What You Should Know About Interrogatories in a Personal Injury Claim
Posted on behalf of Lynch Law Firm on Feb 21, 2022 in Personal Injury News
Interrogatories are part of the discovery process that occurs when a personal injury lawsuit has been filed. Like depositions, interrogatories are questions that must be answered by each party in writing.
Our New Jersey personal injury lawyers are prepared to help you through the discovery process of your case, to help you maximize compensation for your damages after an accident. While most cases settle, some make it to court, and it is important to have an attorney who is prepared for that possibility.
It is important to note that interrogatories are only conducted during the discovery process. This means that a lawsuit must have been filed. Additionally, there may be no more than 25 questions asked in an interrogatory, unless otherwise stated by local rules or approved by a judge.
Interrogatories are used to get more information about the following:
- The accident – how it happened, who was involved, where you were going or coming from, etc.
- Your injuries – type of injuries you suffered and how you are being treated for them
- Your medical history – previous doctor/hospital visits or prior injuries.
- Your personal information – your name, the type of work you do, etc.
- Your personal background – financial history, criminal background, etc.
When you answer interrogatories, you are doing so under oath. This means you could get into serious legal trouble if you lie when answering any of the questions.
Can I Send Interrogatories to the Opposing Party?
Yes, the opposing party also receives interrogatories from your attorney. These questions may be like the ones sent to you. For example, the opposing party is usually asked about personal information if it is an individual. If the opposing party is a business, your attorney may ask questions about mitigation measures taken to prevent injuries.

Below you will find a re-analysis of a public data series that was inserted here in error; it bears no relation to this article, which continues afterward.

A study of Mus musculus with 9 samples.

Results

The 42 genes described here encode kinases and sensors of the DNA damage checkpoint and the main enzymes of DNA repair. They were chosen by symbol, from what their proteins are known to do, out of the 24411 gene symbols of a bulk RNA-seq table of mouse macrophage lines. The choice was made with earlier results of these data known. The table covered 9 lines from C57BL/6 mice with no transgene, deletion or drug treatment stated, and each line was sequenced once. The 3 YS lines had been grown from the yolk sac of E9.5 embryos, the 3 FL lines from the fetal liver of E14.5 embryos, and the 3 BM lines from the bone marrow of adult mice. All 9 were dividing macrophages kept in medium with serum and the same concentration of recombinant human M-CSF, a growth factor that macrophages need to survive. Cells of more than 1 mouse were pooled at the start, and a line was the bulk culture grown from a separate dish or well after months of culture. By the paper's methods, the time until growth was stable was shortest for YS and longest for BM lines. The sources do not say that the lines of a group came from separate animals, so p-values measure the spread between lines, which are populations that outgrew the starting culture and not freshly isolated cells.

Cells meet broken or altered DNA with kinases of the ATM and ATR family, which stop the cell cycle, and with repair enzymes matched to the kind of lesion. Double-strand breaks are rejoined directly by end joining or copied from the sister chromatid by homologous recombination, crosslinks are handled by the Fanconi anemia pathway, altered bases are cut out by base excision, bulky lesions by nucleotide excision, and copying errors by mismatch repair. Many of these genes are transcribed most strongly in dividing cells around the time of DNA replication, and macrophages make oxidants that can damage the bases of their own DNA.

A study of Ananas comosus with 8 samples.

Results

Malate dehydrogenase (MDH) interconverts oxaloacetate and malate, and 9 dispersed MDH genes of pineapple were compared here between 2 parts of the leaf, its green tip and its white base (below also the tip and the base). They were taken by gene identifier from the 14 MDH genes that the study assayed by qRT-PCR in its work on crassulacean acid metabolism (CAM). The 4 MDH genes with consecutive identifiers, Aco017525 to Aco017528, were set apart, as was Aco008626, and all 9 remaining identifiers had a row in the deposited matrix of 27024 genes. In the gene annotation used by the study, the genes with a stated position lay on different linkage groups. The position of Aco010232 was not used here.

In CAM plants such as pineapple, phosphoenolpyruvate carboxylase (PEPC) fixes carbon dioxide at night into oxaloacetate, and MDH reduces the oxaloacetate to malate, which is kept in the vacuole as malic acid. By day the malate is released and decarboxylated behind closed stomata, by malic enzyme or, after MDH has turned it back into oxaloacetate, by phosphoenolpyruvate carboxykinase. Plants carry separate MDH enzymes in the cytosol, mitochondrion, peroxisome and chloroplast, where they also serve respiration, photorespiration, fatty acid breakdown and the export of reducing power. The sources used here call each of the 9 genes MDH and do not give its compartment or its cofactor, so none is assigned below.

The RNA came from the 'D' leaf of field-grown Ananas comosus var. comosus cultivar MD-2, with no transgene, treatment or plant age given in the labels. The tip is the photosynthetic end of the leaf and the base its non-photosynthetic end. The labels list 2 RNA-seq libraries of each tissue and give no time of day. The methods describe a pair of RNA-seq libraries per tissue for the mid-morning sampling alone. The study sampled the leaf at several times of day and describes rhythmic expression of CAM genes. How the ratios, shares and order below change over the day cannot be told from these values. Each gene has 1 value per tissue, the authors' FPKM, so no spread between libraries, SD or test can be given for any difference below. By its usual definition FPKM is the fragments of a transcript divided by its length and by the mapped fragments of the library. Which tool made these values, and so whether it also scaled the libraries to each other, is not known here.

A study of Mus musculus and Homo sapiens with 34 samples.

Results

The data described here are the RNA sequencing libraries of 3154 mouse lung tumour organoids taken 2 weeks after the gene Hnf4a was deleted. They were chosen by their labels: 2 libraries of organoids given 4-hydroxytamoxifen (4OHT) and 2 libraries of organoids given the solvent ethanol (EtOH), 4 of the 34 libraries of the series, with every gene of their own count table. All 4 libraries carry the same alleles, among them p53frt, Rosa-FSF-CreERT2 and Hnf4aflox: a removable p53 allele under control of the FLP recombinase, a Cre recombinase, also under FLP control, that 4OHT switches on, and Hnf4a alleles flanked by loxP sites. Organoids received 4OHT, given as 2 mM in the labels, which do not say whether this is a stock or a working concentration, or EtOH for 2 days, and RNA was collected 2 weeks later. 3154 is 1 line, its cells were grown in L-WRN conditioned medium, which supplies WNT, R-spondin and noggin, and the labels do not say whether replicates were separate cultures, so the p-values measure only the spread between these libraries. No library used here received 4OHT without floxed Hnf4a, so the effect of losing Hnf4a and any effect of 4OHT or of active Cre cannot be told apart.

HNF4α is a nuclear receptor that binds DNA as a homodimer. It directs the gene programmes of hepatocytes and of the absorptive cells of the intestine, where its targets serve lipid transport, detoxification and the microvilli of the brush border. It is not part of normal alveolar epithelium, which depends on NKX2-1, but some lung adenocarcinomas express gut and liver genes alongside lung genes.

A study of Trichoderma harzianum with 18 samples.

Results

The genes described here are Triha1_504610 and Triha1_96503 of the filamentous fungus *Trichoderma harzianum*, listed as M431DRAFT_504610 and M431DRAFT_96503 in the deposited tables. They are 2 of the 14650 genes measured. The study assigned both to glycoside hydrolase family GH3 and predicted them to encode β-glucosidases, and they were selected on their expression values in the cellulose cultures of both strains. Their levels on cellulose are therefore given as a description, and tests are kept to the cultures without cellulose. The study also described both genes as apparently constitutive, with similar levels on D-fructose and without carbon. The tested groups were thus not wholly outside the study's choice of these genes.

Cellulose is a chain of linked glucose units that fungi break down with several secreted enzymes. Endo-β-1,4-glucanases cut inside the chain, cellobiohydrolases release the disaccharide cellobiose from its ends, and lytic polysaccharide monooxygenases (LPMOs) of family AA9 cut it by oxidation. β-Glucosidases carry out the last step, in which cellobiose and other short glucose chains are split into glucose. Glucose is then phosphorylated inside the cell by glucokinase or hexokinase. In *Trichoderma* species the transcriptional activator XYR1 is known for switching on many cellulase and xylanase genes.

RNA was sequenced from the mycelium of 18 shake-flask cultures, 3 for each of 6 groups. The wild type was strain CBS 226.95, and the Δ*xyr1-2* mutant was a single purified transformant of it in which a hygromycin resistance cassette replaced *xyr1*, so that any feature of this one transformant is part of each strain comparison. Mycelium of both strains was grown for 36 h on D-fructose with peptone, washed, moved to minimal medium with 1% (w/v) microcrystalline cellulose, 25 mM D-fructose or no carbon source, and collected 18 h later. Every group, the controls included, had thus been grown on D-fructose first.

How Should I Respond to Interrogatories?
Interrogatories must be answered within 30 days after they are served, so you need to answer in a timely manner. Since these questions are answered under oath, it is important to do so honestly. However, it is important to give an answer that only pertains to what is being asked. You should not elaborate more than necessary with your responses.
For example, interrogatory questions asking about the accident should only be answered with facts. You should try to avoid assumptions about what the other party may have been thinking or could have done to prevent the accident.
Remember that your responses may be used against you later to contradict something you say during a deposition or at trial. So, be honest and stick to the facts.
Can I Object to Interrogatories?
The questions asked in interrogatories are often very personal, but they must be relevant to the accident, your injuries and the overall claim you are making against a negligent party.
That is why you are allowed to object to some questions that may not be related to these topics, are overbroad or are asking for privileged information.
For example, you may object to questions about your employer if you are not claiming lost wages as part of your lawsuit. However, if you are claiming compensation for the time you lost at work due to your injuries, you may not have a legal reason to object to a question like this.
Keep in mind that the opposing party also has the option to object to answering an interrogatory question. However, both parties may ask the court to compel an answer. Meaning that either you or the opposing party may be forced to answer a question to which an objection was issued.
Since interrogatories are written, and each party does not receive the answers from the opposing side for at least 30 days, compelling an answer may take time.